Undocumented youths seek permits: 'I think it gives hope'
Undocumented youths lined up Wednesday to take advantage of a new federal policy aimed at allowing many of them to avoid deportation and obtain work permits.
Under the new policy, more than 1.2 million young illegal immigrants who were brought to the U.S. as children can seek to be allowed to stay legally in the country and work. It is seen as President Obama’s most ambitious immigration initiative.
Lines of eager young people and their families began forming before daybreak outside the offices of the Coalition for Humane Immigrants Rights of Los Angeles, spokesman Jorge-Mario Cabrera said. The group planned a ceremony at the offices at 2533 W. 3rd St. to welcome the policy change and to hold informational sessions for applicants.
"I think it gives hope to get a better chance to get a better job, more education." Juliana Davila, who was standing in line in the Westlake District, told KTLA News. "It's a great chance."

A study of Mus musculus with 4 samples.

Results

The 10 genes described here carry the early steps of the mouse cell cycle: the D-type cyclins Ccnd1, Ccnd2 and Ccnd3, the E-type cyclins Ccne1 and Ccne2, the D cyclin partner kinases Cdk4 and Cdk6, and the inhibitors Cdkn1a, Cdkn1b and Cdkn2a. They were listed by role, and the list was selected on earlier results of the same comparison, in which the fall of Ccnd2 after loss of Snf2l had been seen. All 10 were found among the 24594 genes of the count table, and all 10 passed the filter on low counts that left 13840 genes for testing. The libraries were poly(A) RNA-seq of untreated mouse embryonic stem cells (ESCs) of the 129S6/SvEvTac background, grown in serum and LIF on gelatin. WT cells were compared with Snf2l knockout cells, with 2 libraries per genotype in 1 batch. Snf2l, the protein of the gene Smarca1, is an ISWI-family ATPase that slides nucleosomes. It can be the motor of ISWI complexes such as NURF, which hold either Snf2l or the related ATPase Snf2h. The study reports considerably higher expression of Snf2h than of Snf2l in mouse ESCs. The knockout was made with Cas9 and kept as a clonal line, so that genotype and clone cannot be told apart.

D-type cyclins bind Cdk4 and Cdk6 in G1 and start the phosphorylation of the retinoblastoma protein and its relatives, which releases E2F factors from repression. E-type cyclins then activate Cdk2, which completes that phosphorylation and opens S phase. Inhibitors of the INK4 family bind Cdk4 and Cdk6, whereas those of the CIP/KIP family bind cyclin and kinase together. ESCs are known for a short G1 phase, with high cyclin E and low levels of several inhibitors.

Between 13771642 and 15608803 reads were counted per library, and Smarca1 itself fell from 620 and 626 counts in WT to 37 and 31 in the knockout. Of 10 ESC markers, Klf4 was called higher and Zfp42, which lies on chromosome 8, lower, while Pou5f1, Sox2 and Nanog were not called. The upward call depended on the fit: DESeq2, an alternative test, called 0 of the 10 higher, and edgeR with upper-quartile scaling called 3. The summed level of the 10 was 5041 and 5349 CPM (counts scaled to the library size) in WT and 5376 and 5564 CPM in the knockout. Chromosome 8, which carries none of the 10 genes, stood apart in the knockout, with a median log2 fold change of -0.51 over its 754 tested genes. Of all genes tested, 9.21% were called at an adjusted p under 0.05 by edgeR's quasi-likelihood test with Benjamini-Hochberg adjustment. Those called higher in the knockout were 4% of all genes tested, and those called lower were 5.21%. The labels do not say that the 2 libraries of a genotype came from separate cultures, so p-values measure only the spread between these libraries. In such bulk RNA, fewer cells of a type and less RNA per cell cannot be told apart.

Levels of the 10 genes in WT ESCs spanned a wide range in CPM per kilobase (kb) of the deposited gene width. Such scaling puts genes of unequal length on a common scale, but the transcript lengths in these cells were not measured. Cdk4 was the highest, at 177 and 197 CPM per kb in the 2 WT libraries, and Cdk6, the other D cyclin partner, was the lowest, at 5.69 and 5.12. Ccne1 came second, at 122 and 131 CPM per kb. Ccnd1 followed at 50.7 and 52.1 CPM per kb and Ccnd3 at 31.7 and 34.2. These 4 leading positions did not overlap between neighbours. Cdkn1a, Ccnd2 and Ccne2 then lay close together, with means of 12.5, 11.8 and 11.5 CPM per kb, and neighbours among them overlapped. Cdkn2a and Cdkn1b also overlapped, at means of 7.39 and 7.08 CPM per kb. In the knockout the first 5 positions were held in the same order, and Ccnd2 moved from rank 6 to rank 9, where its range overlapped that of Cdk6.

Davila said that if she got into the program, she would go back to school. She said can afford to pay for school and that it will help her getting a job.
Officials expect crowds throughout the day.
“We’re expecting 500 or more to be here today,” Cabrera said. "They’ll be able to apply if they have the documentation ready, but we expect most to get some information and then come back.”
Although the U.S. Citizenship and Immigration Services is expecting about 1.2 million applications under the plan, advocacy groups estimate that more than 1.7 million teens and young adults may be eligible. Those granted approval will be given legal authorization to work and a two-year deferral from deportation.
The program offers fewer benefits than the sweeping Dream Act, which failed to win approval in Congress in 2010. That legislation, which Obama supported, would have granted legal status to undocumented youths. The new policy, known as "Deferred Action for Childhood Arrivals," does not.
Application forms are available online at the U.S. Citizenship and Immigration Services website: http://www.USCIS.gov/childhoodarrivals, and can be submitted starting Wednesday.
-- Rebecca Trounson and Shelby Grad in Los Angeles and Brian Bennett in Washington, D.C.